The two organizations are now coming together to celebrate the 46th anniversary of Roe v. Wade with Rockin' for Roe, with Denver bands ORYX, Rotten Reputation and Church Fire at 8 p.m. Tuesday, January 22, at the Larimer Lounge. All proceeds will benefit Keep Abortion Safe and the Women's Freedom Fund.
Bolak wanted a night of rock and roll and carefree fun — but, most important, a night to fund abortion. "The Women's Freedom Fund helps low-income folks who can't afford the cost of their abortion procedures, and they are able to subsidize some of those really expensive costs, which is phenomenal," she says. On the low end, an abortion costs around $500 but can cost as much as a few thousand dollars.
The work she does with Keep Abortion Safe helps destigmatize and reduce the shame that often surrounds abortion. The organization does this through digital storytelling, partnering with others in the community to spread awareness, attending protests and putting in work at the Capitol.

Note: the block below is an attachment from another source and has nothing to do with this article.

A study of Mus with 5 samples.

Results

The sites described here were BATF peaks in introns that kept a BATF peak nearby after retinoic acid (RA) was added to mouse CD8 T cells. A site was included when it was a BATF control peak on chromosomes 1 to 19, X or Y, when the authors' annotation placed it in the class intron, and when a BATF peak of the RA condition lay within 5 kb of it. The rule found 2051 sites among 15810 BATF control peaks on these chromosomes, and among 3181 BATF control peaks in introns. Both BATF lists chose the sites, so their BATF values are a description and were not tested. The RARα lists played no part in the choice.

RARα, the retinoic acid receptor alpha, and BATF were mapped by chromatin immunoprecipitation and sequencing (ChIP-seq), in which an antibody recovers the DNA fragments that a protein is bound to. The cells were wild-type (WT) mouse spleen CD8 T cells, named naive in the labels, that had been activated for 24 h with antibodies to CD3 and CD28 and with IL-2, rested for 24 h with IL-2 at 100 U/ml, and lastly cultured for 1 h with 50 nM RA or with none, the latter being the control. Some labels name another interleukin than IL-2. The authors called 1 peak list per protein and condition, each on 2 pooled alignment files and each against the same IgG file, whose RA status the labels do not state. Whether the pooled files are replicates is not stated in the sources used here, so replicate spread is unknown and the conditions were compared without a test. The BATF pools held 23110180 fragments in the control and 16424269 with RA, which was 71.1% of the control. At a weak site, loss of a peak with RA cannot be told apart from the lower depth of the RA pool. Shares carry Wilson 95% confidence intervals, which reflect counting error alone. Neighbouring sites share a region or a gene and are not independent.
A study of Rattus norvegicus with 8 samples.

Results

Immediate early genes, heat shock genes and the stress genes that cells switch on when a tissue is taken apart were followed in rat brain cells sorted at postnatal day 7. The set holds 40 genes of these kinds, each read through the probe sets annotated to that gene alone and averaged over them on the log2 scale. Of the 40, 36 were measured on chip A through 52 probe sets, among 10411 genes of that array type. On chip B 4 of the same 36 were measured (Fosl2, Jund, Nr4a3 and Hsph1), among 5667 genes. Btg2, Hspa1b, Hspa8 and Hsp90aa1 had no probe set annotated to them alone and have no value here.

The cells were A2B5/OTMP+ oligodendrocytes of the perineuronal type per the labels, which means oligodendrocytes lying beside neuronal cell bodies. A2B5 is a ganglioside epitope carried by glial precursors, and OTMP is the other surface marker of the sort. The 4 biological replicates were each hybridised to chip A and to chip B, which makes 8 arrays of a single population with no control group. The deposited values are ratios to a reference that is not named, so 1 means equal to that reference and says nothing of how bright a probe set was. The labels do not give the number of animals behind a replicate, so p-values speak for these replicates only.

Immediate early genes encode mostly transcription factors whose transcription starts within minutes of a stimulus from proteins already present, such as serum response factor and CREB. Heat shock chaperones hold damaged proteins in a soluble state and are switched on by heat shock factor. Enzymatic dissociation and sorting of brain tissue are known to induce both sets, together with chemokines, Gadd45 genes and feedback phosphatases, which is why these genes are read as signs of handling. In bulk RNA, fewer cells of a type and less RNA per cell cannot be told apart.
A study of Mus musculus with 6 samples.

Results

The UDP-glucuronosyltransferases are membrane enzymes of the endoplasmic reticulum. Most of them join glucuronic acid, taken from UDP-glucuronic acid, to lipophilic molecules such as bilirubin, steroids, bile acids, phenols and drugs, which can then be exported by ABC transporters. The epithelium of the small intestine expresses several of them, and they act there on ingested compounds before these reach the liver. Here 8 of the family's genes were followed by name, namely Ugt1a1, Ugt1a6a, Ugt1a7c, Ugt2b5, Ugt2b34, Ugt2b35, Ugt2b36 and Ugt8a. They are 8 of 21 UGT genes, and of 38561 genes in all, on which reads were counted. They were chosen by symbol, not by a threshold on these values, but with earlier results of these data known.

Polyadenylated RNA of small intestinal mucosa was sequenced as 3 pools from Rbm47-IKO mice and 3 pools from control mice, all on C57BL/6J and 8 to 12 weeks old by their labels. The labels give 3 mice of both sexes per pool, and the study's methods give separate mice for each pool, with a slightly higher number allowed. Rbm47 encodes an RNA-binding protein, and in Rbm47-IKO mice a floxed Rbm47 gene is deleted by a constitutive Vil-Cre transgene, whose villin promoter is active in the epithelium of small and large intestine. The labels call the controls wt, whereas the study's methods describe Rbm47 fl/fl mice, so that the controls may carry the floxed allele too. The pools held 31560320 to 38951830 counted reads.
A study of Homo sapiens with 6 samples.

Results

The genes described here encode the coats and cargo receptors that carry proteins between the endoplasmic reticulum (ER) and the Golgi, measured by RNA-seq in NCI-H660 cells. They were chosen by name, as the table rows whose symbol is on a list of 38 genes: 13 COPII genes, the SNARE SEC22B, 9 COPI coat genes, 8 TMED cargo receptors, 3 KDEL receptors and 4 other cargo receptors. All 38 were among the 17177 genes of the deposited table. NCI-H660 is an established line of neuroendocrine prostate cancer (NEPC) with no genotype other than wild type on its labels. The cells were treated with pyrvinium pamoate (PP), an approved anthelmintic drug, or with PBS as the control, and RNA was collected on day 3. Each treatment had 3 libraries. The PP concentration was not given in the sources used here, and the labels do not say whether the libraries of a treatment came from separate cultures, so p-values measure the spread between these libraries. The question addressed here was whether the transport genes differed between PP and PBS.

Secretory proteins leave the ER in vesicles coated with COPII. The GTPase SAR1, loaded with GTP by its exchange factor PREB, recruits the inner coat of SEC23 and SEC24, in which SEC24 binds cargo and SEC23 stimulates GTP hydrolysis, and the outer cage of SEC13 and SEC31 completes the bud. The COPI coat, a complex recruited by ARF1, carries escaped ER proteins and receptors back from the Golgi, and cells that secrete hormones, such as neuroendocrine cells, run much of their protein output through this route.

Colorado is known for being a safe state to access the procedure; individuals in neighboring states with more restrictive laws, like Utah and Kansas, often come here for an abortion.
There are some anti-choice advocates in Colorado; a bill was just introduced at the state legislature on January 14 to criminalize abortion. (Bolak notes that this happens every year, and it never passes.)
"The reasons why our state has continued to be good on abortion is because people are doing really hard work behind the scenes, and I think it's the energy from that that keeps me going," she says.
She fears Roe v. Wade could be overturned by the Supreme Court, which is why she's particularly excited to host a concert that will promote dialogue about the issue.
"In no other instance is a health-care procedure this stigmatized or this regulated," Bolak says. "It very disproportionately impacts women, very disproportionately impacts low-income women and low-income women of color."
For the members of Oryx, joining the lineup was an easy decision. "We see a drastic shift happening in our government, and we believe now, more than ever, is the time to support organizations that advocate for these services in our community," the band writes in a statement.
"I think art, and particularly music, is one of the most beautiful and effective vehicles for change," Bolak says. "That's why we love projects that center around the arts and connect new folks in the community."